Thursday, 30 October 2014

11. Best Foods and Tips To Improve Memory




A strong memory depends on the health and vitality of your brain. Whether you're a student studying for final exams, a working professional interested in doing all you can to stay mentally sharp, or a senior looking to preserve and enhance your grey matter as you age, there are lots of things you can do to improve your memory and mental performance.
Eating well is good for your mental as well as your physical health. The brain requires nutrients just like your heart, lungs or muscles do. But which foods are particularly important to keep our grey matter happy? Let's have a look on best foods and tips to improve memory.

11. Best Foods and Tips To Improve Memory
1. Opt for Whole grains


Like everything else in your body, the brain cannot work without energy. The ability to concentrate and focus comes from the adequate, steady supply of energy - in the form of glucose in our blood to the brain. Achieve this by choosing wholegrains with a low-GI, which release glucose slowly into the bloodstream, keeping you mentally alert throughout the day. Opt for 'brown' cereals, wheatbran, granary bread and brown pasta.

2. Eat Breakfast to Fuel Your Brain


Tempted to skip breakfast? Studies have found that eating breakfast may improve short-term memory and attention. Students who eat it tend to perform better than those who don’t. Foods at the top of researchers' brain-fuel list include high-fiber whole grains, dairy, and fruits. Just don't overeat; researchers also found high-calorie breakfasts appear to hinder concentration.

 3. Blueberries


 These berries are antioxidant powerhouses, protecting the brain from oxidative damage and stress that lead to premature aging, Alzheimer’s, and dementia. The flavonoids in blueberries also improve the communication between neurons, improving memory, learning, and all cognitive function, including reasoning, decision making, verbal comprehension, and numerical anility. Other dark berries are good for the brain too, like blackberry, a├žai, and goji berries.

4. Caffeine Can Make You More Alert


There's no magic bullet to boost IQ or make you smarter -- but certain substances, like caffeine, can energize you and help you concentrate. Found in coffee, chocolate, energy drinks, and some medications, caffeine gives you that unmistakable wake-up buzz, though the effects are short-term. And more is often less: Overdo it on caffeine and it can make you jittery and uncomfortable.

5. Dark green leafy vegetables


Kale, collard greens, spinach, and broccoli are good sources of vitamin E and folate, Morris says.

For example, one cup of raw spinach has 15% of your daily intake of vitamin E, and 1/2 a cup of cooked spinach has 25% of your daily intake.

Exactly how folate may protect the brain is unclear, but it may be by lowering levels of an amino acid known as homocysteine in the blood. High levels of homocysteine may trigger the death of nerve cells in the brain, but folic acid helps break down homocysteine levels.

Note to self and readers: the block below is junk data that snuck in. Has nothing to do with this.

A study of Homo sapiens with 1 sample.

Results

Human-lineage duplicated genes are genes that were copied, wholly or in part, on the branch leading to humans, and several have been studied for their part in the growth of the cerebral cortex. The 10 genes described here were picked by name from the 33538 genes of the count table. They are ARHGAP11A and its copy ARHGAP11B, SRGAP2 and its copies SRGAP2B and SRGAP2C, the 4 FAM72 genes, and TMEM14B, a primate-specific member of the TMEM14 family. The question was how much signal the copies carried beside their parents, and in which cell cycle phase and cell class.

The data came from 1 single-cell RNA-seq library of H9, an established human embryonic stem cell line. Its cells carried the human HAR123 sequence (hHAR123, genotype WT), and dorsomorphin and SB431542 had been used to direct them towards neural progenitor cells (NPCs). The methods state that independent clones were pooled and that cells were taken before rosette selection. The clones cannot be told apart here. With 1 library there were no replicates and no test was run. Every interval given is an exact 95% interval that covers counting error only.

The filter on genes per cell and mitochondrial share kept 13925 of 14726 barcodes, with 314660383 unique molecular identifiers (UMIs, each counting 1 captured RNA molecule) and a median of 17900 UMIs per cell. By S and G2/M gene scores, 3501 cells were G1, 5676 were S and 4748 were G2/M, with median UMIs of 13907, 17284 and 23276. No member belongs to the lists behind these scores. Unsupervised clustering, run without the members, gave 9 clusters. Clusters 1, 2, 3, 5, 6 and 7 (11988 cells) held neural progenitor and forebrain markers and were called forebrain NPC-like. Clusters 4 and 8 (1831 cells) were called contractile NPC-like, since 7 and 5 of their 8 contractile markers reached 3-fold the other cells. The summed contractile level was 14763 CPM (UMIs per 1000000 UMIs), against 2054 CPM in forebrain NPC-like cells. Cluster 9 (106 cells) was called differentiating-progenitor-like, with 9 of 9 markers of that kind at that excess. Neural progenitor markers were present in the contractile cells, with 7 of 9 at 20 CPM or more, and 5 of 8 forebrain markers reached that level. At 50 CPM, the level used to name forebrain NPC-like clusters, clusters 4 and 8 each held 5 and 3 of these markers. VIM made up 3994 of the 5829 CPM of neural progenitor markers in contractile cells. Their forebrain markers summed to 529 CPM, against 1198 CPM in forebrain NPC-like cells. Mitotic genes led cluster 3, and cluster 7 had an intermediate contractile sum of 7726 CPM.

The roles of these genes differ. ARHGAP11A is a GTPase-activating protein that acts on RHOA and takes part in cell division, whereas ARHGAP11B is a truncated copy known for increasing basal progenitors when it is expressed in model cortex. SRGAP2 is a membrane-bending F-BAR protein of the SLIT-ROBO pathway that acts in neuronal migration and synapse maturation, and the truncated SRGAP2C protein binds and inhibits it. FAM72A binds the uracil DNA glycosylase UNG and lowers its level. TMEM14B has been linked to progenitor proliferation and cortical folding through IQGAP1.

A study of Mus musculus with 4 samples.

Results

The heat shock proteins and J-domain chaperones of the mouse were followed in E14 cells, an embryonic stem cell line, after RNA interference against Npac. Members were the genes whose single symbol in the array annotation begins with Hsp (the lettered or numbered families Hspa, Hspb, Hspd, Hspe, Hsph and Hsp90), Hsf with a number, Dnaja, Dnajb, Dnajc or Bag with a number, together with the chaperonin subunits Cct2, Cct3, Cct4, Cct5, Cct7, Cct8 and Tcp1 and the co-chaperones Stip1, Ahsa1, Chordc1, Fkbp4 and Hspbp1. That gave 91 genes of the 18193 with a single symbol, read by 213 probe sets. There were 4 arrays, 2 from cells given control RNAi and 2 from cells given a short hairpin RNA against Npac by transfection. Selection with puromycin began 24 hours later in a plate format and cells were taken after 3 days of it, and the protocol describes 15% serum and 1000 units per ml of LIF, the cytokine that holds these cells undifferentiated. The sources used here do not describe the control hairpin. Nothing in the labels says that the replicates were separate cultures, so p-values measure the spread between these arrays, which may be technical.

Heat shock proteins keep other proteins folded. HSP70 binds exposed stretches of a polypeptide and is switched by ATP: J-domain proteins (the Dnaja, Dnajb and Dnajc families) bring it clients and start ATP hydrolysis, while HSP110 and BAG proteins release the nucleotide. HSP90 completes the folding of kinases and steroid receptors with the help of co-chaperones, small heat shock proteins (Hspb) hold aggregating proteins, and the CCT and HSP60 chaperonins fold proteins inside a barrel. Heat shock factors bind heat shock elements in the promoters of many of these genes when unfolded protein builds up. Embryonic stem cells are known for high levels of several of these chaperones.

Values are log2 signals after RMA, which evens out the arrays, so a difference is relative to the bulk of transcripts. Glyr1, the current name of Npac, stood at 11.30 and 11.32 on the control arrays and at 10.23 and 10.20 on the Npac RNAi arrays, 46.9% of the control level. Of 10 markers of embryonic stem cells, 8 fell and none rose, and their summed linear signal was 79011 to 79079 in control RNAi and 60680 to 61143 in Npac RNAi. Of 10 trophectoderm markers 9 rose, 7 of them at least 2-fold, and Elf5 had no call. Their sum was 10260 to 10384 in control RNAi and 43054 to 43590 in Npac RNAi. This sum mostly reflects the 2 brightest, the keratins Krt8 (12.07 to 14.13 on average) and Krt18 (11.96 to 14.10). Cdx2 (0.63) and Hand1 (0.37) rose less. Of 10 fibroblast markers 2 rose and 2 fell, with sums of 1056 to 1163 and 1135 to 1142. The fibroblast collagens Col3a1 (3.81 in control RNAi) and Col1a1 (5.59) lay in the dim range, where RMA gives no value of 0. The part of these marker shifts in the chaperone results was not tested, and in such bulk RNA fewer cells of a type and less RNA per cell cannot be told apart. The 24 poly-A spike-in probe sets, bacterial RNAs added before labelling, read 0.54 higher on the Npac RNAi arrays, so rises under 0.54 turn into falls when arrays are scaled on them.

High homocysteine levels have also been linked to an increased risk for heart disease.


6. Coconut Oil


Coconut oil contains medium chain triglycerides that the body uses for energy, leaving glucose for the brain. It also seems to have a beneficial effect on blood sugar, blood pressure, and cholesterol. Anything that benefits the heart and circulation also benefits the brain. Coconut oil acts as an anti-inflammatory as well and has been linked to helping prevent Alzheimer’s and dementia.

7. Fish Really is Brain Food


A protein source linked to a great brain boost is fish -- rich in omega-3 fatty acids that are key for brain health. These healthy fats have amazing brain power: A diet with higher levels of them has been linked to lower dementia and stroke risks and slower mental decline; plus, they may play a vital role in enhancing memory, especially as we get older.

For brain and heart health, eat two servings of fish weekly.

8. Whole Grain Cereal and Orange Juice

 
Start your day out right by eating whole grain cereal and drinking a glass of orange juice for breakfast; both are rich in folic acid (also known as folate), which has been shown to contribute to better memory and faster information processing. For midday munching, you can get folate from foods like soybeans, green peas,  broccoli, and lentils.

9. Avocado


This creamy treat is also a rich source of the antioxidant vitamin E.

Research by Morris and her colleague suggests that foods rich in vitamin E including avocado, which is also high in the antioxidant powerhouse vitamin C are associated with a lower risk of developing Alzheimer’s.

10. Vitamins, Minerals, and Supplements?


Store shelves groan with supplements claiming to boost health. Although many of the reports on the brain-boosting power of supplements like vitamins B, C, E, beta-carotene, and magnesium are promising, a supplement is only useful to people whose diets are lacking in that specific nutrient.

Researchers are cautiously optimistic about ginseng, ginkgo, and vitamin, mineral, and herb combinations and their impact on the brain.

Check with your doctor..

11. Add vitality with vitamins

Certain B vitamins - B6, B12 and folic acid - are known to reduce levels of homocysteine in the blood. Elevated levels of  homocysteine are associated with increased risk of stroke, cognitive impairment and Alzheimer's disease. A study of a group of elderly patients with mild cognitive impairment found that after two years of intervention with high doses of B6, B12 and folic acid there was significantly less brain shrinkage compared to a subset given placebo treatment.